This time of year always makes me miss my trip to South Africa three years ago. My husband was born there and moved to Canada when he was 8 years old. His grandmother, an aunt and uncle and several cousins still live there. Three years ago we traveled there on our pre-honeymoon (we were married the following summer). I loved this trip. It was the furthest, longest and most memorable vacation of my life.
While there we visited a Game Reserve where we saw elephants, giraffe, lions, leopards, hippos, rhinoceros, baboons, water buffalo...the list is endless really. I remember the first morning I woke in a hotel on the way to the game reserve. I turned on the t.v. it was the BBC and the news was all about the African continent. No North American news at all. It was my first time being off this continent and I was so happy to be immersed in something so new and different. That day we visited a lovely small botanical garden and I remember that the smell was new to me. I had never smelled this pollen, this soil, these trees. It was a delight to the senses. I tried to drink in every moment.
There are many things in South Africa that are hard to handle for someone from a more sheltered culture(like ours in Canada). Child poverty is everywhere. Here it is much more hidden. The level of poverty in general is huge. The obvious division between white and black people. The systemic and often sub-conscious racism which was blatant to me, but was the lasting effect of apartheid there. On a political level what struck me the most from the trip was the hope and current of the people. Decades of oppression were lifting and millions of people who had no hope before, can now work towards a life of their own choosing.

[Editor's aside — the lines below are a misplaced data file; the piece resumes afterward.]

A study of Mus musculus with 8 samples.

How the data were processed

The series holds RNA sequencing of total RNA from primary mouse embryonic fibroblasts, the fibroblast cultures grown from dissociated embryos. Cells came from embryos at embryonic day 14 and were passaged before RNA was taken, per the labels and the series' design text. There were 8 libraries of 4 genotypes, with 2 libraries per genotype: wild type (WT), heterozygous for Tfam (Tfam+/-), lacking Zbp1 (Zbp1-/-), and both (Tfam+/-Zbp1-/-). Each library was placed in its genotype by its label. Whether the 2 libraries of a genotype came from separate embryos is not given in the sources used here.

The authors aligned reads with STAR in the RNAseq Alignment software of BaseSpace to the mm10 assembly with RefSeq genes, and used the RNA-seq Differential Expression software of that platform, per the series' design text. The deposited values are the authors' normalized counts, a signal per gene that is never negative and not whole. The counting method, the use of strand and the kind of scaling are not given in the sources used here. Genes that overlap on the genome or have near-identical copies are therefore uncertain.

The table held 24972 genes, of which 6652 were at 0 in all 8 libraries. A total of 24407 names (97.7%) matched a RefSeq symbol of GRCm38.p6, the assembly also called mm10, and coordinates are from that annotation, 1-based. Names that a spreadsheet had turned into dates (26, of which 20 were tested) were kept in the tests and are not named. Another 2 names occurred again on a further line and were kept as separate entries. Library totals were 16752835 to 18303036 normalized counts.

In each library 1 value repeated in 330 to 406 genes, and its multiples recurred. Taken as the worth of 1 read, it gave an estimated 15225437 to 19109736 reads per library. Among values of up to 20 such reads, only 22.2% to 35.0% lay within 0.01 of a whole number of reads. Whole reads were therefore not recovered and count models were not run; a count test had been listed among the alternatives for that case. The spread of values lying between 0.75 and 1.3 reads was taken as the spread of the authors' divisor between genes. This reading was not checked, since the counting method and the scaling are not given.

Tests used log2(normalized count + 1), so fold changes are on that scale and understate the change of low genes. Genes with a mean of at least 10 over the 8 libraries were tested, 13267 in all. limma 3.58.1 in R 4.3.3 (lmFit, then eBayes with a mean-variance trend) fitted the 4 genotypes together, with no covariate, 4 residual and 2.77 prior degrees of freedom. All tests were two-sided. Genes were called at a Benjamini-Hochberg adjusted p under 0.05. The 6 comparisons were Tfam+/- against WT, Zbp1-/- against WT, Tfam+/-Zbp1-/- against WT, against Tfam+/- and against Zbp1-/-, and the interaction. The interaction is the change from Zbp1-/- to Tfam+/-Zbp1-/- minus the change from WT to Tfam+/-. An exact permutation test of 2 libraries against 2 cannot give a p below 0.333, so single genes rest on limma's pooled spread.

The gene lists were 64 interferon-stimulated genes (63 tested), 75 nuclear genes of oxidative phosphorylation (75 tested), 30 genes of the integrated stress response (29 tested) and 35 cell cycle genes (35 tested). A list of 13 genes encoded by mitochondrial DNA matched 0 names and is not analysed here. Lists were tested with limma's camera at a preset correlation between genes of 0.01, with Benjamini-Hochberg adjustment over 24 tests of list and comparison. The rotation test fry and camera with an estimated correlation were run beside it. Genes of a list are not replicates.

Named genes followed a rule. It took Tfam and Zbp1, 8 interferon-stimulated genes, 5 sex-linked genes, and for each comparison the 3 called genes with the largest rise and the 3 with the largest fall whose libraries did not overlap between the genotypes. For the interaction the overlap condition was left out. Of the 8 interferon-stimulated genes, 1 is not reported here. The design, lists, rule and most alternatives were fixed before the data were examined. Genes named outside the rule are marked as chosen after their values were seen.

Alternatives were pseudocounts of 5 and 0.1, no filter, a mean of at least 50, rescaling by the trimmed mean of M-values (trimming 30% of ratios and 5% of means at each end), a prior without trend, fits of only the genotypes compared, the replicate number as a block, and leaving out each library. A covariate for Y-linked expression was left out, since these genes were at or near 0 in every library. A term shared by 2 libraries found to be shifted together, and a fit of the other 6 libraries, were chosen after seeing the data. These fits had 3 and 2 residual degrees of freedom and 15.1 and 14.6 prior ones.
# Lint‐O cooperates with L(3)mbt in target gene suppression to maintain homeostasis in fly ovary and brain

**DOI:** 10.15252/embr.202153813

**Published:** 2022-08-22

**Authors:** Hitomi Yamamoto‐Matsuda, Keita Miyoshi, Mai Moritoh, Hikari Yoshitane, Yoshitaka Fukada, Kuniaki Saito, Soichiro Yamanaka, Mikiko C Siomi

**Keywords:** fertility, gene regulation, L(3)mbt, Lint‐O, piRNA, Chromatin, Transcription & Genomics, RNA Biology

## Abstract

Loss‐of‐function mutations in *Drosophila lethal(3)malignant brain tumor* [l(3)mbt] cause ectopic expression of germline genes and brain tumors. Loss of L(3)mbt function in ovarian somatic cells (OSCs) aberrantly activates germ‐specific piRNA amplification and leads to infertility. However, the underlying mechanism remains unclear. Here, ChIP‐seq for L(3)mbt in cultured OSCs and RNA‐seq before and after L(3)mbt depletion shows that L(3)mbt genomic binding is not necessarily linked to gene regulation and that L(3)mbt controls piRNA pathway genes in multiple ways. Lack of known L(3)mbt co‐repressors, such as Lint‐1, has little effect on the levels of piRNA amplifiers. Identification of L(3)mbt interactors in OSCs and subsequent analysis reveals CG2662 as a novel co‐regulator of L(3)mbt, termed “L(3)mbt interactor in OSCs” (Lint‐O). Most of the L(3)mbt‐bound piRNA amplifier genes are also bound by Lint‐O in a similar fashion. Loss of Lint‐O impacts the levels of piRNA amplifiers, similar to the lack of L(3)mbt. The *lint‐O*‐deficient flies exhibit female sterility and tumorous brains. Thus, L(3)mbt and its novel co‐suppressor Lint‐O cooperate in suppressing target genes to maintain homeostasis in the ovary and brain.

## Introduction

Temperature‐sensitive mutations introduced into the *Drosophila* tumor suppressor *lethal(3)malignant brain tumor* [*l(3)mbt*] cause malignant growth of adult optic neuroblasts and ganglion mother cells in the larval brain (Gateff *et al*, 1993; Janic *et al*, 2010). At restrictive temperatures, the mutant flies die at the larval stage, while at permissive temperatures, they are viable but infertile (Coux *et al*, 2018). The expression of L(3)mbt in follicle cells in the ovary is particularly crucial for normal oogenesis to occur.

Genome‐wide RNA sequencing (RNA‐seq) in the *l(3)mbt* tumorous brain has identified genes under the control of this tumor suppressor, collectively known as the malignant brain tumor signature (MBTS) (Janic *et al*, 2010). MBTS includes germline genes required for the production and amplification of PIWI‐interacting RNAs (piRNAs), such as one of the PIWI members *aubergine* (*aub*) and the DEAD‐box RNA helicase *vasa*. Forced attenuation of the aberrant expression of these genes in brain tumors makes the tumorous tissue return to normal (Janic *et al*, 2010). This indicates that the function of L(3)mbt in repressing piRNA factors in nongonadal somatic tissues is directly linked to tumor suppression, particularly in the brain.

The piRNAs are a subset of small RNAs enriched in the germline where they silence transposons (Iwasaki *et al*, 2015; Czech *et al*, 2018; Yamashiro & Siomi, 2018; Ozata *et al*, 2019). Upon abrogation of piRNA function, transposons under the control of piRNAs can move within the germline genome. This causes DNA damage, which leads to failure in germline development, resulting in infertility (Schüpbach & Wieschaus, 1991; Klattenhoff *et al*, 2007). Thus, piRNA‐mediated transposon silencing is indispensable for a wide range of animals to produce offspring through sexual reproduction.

This hit home for me on the gondola ride down Table Mountain in Cape Town. Dave and I were on the gondola with a group of school children probably 10 or 11 year old. As the beauty of their city struck them they spontaneously began to sing the South African National Anthem. This song is in English, Afrikaans, Xhosa, Zulu and Sesotho. We asked their teacher what they were singing and when he told us I was just overcome with the love they had for their country. The possibilities are endless for them. They are a new generation rising from the ashes of apartheid.
We plan to go back one day when our child(ren) are old enough to remember it. It is a long flight and expensive but it has stayed with me for three years and I know it will always remain in my heart. That was something an employee of the Game Reserve we stayed at said, that Africa grabs your heart to never let it go. I have to say that it won me forever. The original home of us all.